Florinef alone ineffective
Patients with CFS (chronic
fatigue syndrome) are more likely than healthy persons to develop neurally
mediated hypotension (NMH), where upright posture provokes a dramatic drop in
blood pressure. A recent study, published in The Journal of the American
Medical Association, found that a steroid hormone drug often used to treat
NMH, fludrocortisone (Florinef), is not effective by itself in alleviating the
symptoms of CFS patients.
Researchers at Johns Hopkins University School
of Medicine and the National Institute of Allergy and Infectious Diseases
studied 100 adults with CFS and NMH. Half of the patients received Florinef and
half received placebo for nine weeks. Only 14% of those treated with Florinef
reported notable improvement compared to 10% in the placebo
Researchers caution that lack of symptomatic improvement with
Florinef alone does not disprove the hypothesis that NMH could be contributing
to CFS symptoms.
Since 1996 when the study began, other clinical
trials found that four different drugs, some of which have a more direct effect
on blood pressure than Florinef, can benefit people who experience recurrent
fainting due to NMH. Further studies are needed to determine if other NMH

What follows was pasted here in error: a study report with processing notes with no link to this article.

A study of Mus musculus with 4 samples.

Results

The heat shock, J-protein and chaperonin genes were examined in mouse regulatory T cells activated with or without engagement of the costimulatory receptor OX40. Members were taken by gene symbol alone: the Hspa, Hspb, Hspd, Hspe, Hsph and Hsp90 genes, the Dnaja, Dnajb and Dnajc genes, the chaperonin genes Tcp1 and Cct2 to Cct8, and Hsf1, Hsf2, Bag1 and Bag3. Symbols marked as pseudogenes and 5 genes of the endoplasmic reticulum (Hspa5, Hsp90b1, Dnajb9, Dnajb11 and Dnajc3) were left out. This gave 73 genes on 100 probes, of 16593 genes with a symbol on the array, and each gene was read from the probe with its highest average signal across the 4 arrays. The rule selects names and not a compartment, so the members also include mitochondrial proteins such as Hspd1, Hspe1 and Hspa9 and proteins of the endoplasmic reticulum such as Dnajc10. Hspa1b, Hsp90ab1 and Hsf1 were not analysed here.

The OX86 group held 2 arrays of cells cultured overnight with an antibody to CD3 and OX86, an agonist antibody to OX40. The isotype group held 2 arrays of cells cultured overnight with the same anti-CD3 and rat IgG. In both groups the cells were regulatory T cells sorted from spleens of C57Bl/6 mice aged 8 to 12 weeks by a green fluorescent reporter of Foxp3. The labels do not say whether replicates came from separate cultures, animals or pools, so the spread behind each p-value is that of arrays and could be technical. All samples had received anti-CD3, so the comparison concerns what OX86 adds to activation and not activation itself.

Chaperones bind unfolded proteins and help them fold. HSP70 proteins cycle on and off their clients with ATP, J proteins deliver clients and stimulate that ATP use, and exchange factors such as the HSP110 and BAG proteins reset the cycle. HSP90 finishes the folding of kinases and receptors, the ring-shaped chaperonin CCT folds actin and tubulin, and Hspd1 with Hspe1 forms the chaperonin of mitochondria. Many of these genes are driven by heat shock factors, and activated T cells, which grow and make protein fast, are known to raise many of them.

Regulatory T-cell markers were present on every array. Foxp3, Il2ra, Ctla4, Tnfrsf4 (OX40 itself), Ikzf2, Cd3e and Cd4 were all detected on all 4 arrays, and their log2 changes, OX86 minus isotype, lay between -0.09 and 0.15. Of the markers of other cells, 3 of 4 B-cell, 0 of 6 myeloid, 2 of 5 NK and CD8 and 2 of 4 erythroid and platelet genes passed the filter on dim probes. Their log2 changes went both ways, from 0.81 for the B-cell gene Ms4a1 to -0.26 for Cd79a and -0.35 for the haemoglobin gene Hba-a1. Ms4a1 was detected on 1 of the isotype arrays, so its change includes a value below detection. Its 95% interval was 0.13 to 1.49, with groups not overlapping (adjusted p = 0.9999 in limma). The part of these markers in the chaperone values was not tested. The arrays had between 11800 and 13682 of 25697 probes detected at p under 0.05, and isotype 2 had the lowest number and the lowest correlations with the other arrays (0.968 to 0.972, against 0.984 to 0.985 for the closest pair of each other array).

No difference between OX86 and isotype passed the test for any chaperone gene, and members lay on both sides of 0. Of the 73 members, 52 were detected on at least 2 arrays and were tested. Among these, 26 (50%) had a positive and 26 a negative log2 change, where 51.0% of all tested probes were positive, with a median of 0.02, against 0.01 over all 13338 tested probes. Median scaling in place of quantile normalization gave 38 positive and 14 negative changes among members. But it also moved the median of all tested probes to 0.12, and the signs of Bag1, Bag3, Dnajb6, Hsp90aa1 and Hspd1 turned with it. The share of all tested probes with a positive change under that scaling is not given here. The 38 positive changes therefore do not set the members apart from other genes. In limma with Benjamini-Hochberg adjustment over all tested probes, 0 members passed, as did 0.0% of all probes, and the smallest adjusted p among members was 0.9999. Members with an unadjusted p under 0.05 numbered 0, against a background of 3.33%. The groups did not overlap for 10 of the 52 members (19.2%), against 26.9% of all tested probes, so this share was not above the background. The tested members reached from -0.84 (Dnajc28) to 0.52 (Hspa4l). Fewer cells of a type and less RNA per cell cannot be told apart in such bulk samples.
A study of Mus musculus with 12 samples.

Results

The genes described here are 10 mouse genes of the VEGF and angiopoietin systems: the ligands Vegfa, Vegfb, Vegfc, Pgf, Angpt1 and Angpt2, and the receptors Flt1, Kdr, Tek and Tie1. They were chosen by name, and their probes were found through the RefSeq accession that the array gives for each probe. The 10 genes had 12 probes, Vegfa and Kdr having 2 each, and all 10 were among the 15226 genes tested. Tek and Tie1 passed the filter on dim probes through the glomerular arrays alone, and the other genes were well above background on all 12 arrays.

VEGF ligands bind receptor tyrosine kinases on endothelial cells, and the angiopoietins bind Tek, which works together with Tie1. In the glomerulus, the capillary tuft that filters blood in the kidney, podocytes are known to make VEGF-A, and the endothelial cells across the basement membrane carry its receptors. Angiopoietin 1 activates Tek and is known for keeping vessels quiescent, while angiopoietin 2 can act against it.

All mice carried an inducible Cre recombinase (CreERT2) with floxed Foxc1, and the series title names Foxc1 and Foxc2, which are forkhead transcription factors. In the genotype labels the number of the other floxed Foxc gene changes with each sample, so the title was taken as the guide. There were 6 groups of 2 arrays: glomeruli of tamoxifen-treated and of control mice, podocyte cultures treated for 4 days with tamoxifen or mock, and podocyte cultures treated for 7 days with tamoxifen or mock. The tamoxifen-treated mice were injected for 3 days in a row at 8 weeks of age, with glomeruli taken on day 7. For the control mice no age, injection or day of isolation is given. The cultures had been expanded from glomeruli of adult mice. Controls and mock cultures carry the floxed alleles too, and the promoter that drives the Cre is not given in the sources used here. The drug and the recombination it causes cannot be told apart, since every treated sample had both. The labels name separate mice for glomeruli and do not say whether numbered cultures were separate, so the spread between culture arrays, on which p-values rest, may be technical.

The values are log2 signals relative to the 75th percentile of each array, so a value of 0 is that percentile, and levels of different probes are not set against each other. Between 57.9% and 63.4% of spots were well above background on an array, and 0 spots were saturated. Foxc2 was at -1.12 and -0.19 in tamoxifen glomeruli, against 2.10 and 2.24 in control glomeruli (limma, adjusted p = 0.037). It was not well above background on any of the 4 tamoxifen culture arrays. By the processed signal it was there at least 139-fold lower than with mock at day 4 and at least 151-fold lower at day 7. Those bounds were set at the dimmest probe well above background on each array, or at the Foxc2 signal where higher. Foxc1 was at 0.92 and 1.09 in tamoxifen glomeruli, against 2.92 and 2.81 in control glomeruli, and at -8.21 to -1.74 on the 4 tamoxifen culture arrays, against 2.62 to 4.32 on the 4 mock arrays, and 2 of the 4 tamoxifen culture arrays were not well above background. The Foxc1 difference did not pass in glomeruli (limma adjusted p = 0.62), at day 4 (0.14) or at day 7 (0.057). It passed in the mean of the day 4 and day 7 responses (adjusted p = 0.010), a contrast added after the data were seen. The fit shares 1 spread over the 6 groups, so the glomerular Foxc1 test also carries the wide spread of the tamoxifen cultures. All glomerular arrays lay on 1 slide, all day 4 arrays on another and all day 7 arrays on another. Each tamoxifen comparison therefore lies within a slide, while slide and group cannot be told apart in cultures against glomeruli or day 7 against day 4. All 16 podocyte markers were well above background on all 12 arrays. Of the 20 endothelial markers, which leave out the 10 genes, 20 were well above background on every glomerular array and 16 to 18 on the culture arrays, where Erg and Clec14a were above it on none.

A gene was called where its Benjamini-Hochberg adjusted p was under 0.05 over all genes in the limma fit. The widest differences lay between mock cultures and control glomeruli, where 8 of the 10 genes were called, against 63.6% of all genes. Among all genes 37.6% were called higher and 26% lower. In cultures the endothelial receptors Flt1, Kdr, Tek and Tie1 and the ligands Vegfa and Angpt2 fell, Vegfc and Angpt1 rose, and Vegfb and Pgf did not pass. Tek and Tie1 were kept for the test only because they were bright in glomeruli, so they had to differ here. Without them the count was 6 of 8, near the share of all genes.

medications and therapies are more effective in treating NMH in CFS patients
than Florinef alone.
Sleep disorders and CFS
Brugmann University Hospital in Brussels, Belgium explored whether primary sleep
disorders (PSD) and sleepiness are common in CFS patients. Patients underwent a
clinical examination and two nights of all-night monitoring during sleep. Of the
46 CFS patients studied, 54% did not have PSD and 69% had no
While 46% of the CFS patients showed signs of sleep apnea,
none were diagnosed with narcolepsy or hypersomnia. No association was found
between a sleep disorder and a patient’s clinical status.
concluded that it is unlikely CFS is a somatic expression of a primary sleep
disorder or sleepiness. The full
study is published in Sleep Research Online.
CFS genetic link studied
University of Queensland
researchers discovered a genetic mutation they believe may, in part, explain
what causes CFS. They identified the same gene mutation in 32 members of one
Australian family, all of who reportedly have CFS.
The gene regulates the
production of cortisol, a hormone released by the adrenal glands in response to
stress and which affects immune response.
Dr. David Torpy, a member of
the research team, stressed that even if the genetic mutation plays a role in
CFS it is unlikely to be the only cause. “However, if this accounts for even one
percent of chronic fatigue syndrome sufferers, then it would be a big advance,
especially if it is treatable,” he said.
The research team’s findings,
which were presented at the 11th International Congress of Endocrinology in
Sydney in October, have not yet been published.
Keep in mind that research studies with fewer than 500
patients are generally not considered statistically valid and may be questioned
by the medical community. The Chronicle reports on smaller studies due to
the lack of large-scale research projects and to keep you updated on emerging
Experts discuss research
For information on the
Association’s December research symposium on orthostatic intolerance and
CFS, see the winter 2001 issue of The CFS Research Review.